On last night’s Colbert Report, Stephen Colbert used “The Word” segment to attack the de facto debtor’s prisons that have sprung up across the United States.
He began by noting that “America puts more of its citizens in prison than any other nation. But confining so many Americans comes at a terrible price — which, it turns out, is money.”
“The average cost of incarceration for Federal inmates in fiscal year 2011 was almost $29,000,” he said. “And in New York City, the cost per inmate is nearly $168,000 — though the broker will tell you that’s a pretty good deal for a 6-by-10 studio with eat-in toilet.”
“Fortunately,” Colbert continued, “there’s a way to shiv some of those costs in the kidneys. Folks, our justice system has found so many ways to cut corners.”
“First, by eliminating non-essentials. For example, governors in Utah, Idaho, Texas, Indiana, and Arizona have refused federal funding for the Prison Rape Elimination Act. That reminds me of the old joke,” Colbert said. “Two prisoners are in the shower, and one of them drops a bar of soap, so what the other guy says is, ‘What’s about to happen is fiscally irresponsible to prevent.'”
“But the savings don’t stop at not preventing sexual assault — there’s also cheap labor. The New York Times reports that ‘the federal government…is relying on tens of thousands of…detained immigrants [to] work…detention centers…cooking meals, scrubbing showers and buffing hallways…usually for $1 a day or less.'”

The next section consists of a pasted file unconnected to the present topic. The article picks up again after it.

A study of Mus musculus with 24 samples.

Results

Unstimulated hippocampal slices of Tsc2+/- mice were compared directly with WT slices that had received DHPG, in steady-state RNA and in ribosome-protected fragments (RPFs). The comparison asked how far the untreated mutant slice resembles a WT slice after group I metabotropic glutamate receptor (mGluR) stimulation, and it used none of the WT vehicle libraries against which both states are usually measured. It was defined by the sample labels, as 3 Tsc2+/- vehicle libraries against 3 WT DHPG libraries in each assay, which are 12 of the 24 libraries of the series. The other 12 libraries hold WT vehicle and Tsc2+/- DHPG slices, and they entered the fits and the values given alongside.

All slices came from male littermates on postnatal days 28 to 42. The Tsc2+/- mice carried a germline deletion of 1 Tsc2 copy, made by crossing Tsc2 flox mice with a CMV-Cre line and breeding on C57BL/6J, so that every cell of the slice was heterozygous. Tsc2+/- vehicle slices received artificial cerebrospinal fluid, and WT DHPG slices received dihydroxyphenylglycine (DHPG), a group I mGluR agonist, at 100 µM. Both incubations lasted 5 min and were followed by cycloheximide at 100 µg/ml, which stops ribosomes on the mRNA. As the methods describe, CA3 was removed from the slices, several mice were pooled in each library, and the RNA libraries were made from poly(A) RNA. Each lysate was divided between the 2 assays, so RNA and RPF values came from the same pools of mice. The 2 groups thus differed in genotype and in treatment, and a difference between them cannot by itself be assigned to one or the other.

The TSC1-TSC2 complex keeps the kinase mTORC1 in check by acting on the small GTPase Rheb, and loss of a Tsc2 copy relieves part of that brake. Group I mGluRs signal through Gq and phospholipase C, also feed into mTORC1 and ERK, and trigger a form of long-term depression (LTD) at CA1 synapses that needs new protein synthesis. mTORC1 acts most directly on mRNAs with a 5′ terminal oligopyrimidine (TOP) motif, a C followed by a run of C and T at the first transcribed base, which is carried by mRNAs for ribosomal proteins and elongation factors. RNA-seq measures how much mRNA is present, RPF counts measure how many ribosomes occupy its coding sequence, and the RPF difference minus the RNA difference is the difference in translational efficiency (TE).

“‘Some immigrants…are paid with…candy bars,'” he added. “Now, I know that sounds bad, but their next Payday could be 100 Grand. It makes sense — they come to America to steal our jobs, so we arrest them, then force them to do our jobs.”
“But it’s not just enough to save money,” Colbert continued. “Prisons need to turn a profit. After a year-long investigation, NPR has found that ‘in at least 43 states…defendants can be billed for their public defender…their own probation and parole supervision…for the electronic monitoring devices defendants and offenders are ordered to wear…and room and board for jail and prison stays.'”
“And the best part is, these fees are self-sustaining investments,” he said. “It’s a great system. If a defendant can’t pay a fine or fee, they go to jail, where they’ll rack up more food and bordering fees that they can’t pay, and be penalized by more jail time, thus increasing their debt, which gives them even longer prison sentences.”
“You know what they say,” Colbert concluded, “‘Don’t do the crime if you can’t do the time, or if you don’t have a dime, which is a crime, resulting in more time.'”
Watch the entire June 11, 2014 episode of The Colbert Report below via Hulu.